African American Pioneers In Gastroenterology
The medical field is a very demanding career for anyone to have; nonetheless there have been countless African-American gastroenterologists that have made significant contributions to society and humanity. Some of these doctors were not only the first in their class, but also achieved firsts in their field. In honor of Black History Month, here are a few notable African-American gastroenterologists and some of their accomplishments:
Leonidas Berry was the first African-American gastroenterologist, and was considered to be the forerunner in endoscopy and gastroscopy. Berry was instrumental in the development of the gastroscope, as he invented the first Gastroscopy scope; the gastroscope is still currently being used today for non-invasive procedures that explore the gastrointestinal tract. Berry was the first black physician at Michael Reese Hospital in Chicago, the first black internist at Cook County Hospital, and was also one of the first black doctors to be admitted to the American Medical Association. In addition, Berry was also a published author, teacher, and was very dedicated to the community. His public service included work with the African Methodist Episcopal Church, civil rights, and was very involved with the racial problems of public health. In fact, Berry has even helped bring medical care to black communities in Illinois and Alabama that originally did not have any preexisting medical centers!
Sadye Beatryce Curry
The first African-American female gastroenterologist in the United States, Sadye Curry is a founding member and former President of the Leonidas Berry Society for Digestive Disease, a national society of predominately African-American doctors. In addition, Curry was the first African-American woman postgraduate trainee at Duke University Medical Center, and was also the first African-American to train in the gastroenterology fellowship program at Duke University. However, Curry’s list of achievements did not end there, as she went on to receive the Howard University College of Medicine Student Council Faculty Award for Teaching Excellence, the Kaiser-Permanente Faculty Award for Excellence in Teaching, and was also selected for the Woman of the Year Award from the Howard University College of Medicine Student American Medical Women’s Association. Recently, Curry has become the first woman to be elected chair for the Internal Medicine Section of the National Medical Association.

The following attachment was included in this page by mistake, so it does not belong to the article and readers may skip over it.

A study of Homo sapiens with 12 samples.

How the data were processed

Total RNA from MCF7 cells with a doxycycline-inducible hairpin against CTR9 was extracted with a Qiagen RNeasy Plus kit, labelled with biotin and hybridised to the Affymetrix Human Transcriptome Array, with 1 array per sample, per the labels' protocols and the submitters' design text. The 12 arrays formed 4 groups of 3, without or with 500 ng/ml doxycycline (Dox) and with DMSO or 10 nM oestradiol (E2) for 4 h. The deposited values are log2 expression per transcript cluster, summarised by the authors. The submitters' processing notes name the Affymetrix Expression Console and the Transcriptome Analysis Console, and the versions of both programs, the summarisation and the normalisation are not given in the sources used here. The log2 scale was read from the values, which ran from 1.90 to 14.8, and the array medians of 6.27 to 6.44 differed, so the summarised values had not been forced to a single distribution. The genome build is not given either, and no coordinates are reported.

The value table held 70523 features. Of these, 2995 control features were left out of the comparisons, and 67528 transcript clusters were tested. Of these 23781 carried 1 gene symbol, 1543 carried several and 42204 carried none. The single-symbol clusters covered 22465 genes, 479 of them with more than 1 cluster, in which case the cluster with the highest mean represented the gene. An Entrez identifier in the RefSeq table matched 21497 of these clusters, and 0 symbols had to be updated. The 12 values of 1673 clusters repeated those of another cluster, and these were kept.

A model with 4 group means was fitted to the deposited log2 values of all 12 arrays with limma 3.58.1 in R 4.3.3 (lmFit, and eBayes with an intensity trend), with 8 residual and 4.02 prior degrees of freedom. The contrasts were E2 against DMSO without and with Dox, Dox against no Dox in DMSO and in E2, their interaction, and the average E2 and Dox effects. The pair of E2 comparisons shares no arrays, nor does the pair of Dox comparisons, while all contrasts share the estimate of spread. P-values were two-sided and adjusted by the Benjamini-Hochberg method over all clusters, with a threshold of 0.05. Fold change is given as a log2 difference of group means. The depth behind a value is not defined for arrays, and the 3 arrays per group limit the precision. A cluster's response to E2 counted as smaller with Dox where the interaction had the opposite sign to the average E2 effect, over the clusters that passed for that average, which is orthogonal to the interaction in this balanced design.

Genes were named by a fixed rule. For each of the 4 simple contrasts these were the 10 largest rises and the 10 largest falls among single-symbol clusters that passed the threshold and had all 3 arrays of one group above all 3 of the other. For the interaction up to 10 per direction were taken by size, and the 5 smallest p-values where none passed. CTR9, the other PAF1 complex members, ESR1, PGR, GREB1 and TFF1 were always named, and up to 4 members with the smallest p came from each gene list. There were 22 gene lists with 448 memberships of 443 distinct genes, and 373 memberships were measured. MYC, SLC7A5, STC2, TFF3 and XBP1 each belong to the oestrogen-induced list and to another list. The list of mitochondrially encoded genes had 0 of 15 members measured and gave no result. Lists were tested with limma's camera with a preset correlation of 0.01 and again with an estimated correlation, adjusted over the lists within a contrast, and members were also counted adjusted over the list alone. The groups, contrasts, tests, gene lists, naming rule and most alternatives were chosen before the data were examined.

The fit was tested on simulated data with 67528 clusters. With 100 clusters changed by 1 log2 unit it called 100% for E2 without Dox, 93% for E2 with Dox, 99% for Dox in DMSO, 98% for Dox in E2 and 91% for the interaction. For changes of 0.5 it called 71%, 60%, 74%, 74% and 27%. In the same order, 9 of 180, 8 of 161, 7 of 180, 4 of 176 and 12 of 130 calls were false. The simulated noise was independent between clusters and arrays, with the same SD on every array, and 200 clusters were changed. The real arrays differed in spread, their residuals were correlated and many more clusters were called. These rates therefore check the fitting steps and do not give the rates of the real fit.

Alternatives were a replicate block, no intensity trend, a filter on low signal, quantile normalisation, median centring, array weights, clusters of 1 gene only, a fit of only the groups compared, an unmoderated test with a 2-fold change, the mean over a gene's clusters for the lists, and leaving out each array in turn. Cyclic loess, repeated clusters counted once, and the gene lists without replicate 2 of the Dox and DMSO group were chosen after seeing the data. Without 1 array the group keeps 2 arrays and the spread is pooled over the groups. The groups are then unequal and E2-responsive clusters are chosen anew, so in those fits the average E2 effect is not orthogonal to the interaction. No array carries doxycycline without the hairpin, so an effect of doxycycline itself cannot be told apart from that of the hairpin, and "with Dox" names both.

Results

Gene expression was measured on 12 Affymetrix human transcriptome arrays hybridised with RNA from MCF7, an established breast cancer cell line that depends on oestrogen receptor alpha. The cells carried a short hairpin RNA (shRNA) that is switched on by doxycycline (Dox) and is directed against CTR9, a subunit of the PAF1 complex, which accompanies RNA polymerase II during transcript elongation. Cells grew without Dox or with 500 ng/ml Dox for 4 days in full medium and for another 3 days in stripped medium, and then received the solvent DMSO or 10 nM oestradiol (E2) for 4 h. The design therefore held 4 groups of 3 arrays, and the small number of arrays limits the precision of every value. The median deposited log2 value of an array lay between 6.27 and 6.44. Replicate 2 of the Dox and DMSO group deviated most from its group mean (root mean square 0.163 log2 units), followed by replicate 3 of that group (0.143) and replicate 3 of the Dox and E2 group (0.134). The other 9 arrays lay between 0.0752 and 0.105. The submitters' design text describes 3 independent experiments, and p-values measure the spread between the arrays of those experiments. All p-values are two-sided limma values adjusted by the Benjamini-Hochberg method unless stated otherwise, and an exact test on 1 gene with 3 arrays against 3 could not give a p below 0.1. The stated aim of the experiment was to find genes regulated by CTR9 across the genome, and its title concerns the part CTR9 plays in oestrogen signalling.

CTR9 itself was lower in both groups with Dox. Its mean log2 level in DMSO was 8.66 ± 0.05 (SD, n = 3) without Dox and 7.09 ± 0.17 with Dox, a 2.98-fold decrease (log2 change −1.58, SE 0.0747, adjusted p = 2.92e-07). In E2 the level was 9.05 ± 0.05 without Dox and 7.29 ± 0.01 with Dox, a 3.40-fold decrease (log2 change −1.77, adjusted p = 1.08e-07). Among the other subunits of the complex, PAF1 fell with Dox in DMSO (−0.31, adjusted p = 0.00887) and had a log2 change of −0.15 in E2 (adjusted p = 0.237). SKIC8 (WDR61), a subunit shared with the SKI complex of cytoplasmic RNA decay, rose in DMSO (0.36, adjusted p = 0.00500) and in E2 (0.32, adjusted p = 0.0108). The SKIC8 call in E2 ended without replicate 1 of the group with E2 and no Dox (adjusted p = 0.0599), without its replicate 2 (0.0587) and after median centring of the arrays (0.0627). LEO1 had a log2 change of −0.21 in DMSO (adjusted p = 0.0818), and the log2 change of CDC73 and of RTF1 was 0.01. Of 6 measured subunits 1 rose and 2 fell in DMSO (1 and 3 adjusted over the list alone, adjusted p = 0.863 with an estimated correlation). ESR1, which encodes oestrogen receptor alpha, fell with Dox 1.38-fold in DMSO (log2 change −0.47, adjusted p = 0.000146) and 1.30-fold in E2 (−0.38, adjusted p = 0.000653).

Richter originally opened his practice in 1983, and for the past 30+ years Richter has achieved a lot during his career; he is still in practice, and has described the connection that he has with his patients to be one of the most rewarding aspects of his work. A former president of the Atlanta Medical Association, Richter currently runs Consultative Gastroenterology in Atlanta, and has become the first African-American president of the Medical Association of Atlanta. In the past, the relationship between the Medical Association of Atlanta and the African-American community has not always been “rosy”, but according to Richter he is changing this. Richter is very passionate about organized medicine, and believes wholeheartedly that one must make their voice heard, and remain active in society. The Medical Association of Atlanta is dedicated to the changing needs of Atlanta’s physicians, and since Richter has served on the board of directors since 1995, he has the ability to help pave the way for other up and coming African American doctors.